Before attending my first ever yoga festival, I had been living in Lamu for about a month. Most of that time had been spent in the remote Kiwayu Island where I spent my days snorkelling, deep-sea fishing, running, doing sunrise yoga on the beach and living on a consistent diet of fish, salad and fresh fruit.
I was at optimum physical fitness, but by the time I was leaving this glorious slice of paradise, I wanted to do nothing more than spend several days drinking cocktails before reluctantly heading back to Nairobi.
It was while I was awaiting the second dawa that I was invited to classes by some of the participants and teachers who had been tucking into dinner at a nearby table.
While I am no stranger to yoga which I mostly practice for its physical benefits (a Christian friend is never shy to point out that that I'm likely to be praying to the Hindu gods and we always disagree on that) that I found myself drawn to their conversation around meditation.
"People just don't listen to their bodies until they feel really sick and need to go see a doctor," said one girl.
"Meditation is the foundation of everything we do and today's class finally helped me to switch off my mind, stay present and listen to my inner self".
Admittedly, this sounds like just the kind of spiritual mumbo jumbo that yogis always say, but I had travelled to Lamu — the most remote and idyllic place I could think of — on my own journey to find overall wellness, happiness, and some balance.
The idea that meditation could help me achieve this desire was too seductive to turn down—just not on this specific night as I still had an entire cocktail menu to work through.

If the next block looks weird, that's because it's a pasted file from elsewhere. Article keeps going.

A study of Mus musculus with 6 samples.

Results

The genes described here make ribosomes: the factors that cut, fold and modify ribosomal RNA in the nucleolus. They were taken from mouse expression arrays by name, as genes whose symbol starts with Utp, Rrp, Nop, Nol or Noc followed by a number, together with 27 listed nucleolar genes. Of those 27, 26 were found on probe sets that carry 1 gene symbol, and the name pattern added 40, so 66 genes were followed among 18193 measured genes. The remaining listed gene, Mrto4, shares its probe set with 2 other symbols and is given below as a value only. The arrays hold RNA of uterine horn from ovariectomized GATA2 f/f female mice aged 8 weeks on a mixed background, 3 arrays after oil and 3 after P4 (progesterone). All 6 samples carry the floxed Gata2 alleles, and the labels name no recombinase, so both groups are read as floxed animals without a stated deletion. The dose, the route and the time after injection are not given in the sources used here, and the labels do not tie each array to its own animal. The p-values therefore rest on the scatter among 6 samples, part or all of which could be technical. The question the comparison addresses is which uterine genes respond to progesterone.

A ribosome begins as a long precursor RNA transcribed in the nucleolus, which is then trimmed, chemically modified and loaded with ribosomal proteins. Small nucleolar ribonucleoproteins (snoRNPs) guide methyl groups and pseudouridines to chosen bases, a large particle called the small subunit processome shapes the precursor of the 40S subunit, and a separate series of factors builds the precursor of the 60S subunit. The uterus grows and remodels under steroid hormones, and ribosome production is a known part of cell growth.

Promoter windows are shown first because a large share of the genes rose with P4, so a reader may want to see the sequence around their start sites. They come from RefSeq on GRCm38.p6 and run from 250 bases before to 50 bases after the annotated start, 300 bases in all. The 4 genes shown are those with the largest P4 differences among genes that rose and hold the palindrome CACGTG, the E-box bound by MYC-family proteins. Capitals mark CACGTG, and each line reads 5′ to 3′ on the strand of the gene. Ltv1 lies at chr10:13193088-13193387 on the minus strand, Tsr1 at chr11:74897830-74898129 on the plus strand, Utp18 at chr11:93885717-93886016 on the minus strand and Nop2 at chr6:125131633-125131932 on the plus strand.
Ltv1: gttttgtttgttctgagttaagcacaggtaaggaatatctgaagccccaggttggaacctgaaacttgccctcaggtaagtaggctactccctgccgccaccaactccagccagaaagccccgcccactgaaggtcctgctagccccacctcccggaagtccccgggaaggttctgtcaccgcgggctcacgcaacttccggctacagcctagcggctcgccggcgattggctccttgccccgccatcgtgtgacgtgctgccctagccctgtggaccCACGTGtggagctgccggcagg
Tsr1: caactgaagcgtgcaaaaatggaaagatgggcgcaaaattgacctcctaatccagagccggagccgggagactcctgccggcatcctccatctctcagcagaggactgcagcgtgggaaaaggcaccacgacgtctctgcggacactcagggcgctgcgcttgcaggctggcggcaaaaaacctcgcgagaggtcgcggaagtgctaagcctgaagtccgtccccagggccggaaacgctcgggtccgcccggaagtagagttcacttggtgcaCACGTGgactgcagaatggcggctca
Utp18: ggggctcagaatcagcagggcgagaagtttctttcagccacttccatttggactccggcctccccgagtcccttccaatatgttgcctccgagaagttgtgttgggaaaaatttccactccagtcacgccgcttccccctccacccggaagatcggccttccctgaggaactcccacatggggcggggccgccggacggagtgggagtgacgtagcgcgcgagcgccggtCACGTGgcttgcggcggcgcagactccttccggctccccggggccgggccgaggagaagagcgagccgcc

My very first session was a 6:00 am power yoga class by the beach.
While I had gotten used to practicing alone in the past month, I enjoyed being surrounded by people dedicated to the practice and their enthusiasm was infectious.
As we flowed from a downward-facing dog into a lunge culminating into warrior one, it was like there was collective energy flowing from the sun to the sea and through each one of us.
If you have been struggling to stay disciplined in your practice, consider attending a yoga festival as this can help you shift your mindset, feed off the energy of others and get out of your bad habits.
2020 YOGA FESTIVAL
Most of all, be sure that you will leave with not only physical and mental benefits but also lifelong friends.
You will sweat, laugh, cry, dance and possibly even explore the island together, and if you're single then this can be a great place to possibly meet a significant other.
We all took different dhows to experience the magical sunset sail which was great for relaxation and bonding.
There was also a communal Swahili dinner where everyone sat cross-legged on the floor, dined communally from a metallic Sinia and afterward danced and sang along to drummers and Swahili songs.
The next festival will be on March 2020, so you can start saving up and planning for it now.
If you do however go to Lamu for yoga when it's not festival season, a good place to start is Banana House & Wellness Center, or Fatuma's Tower.
There are also really good teachers that can come to wherever you'll be staying on the island. Just ask around for Awham or Kelly...the community is small enough that everyone knows everyone.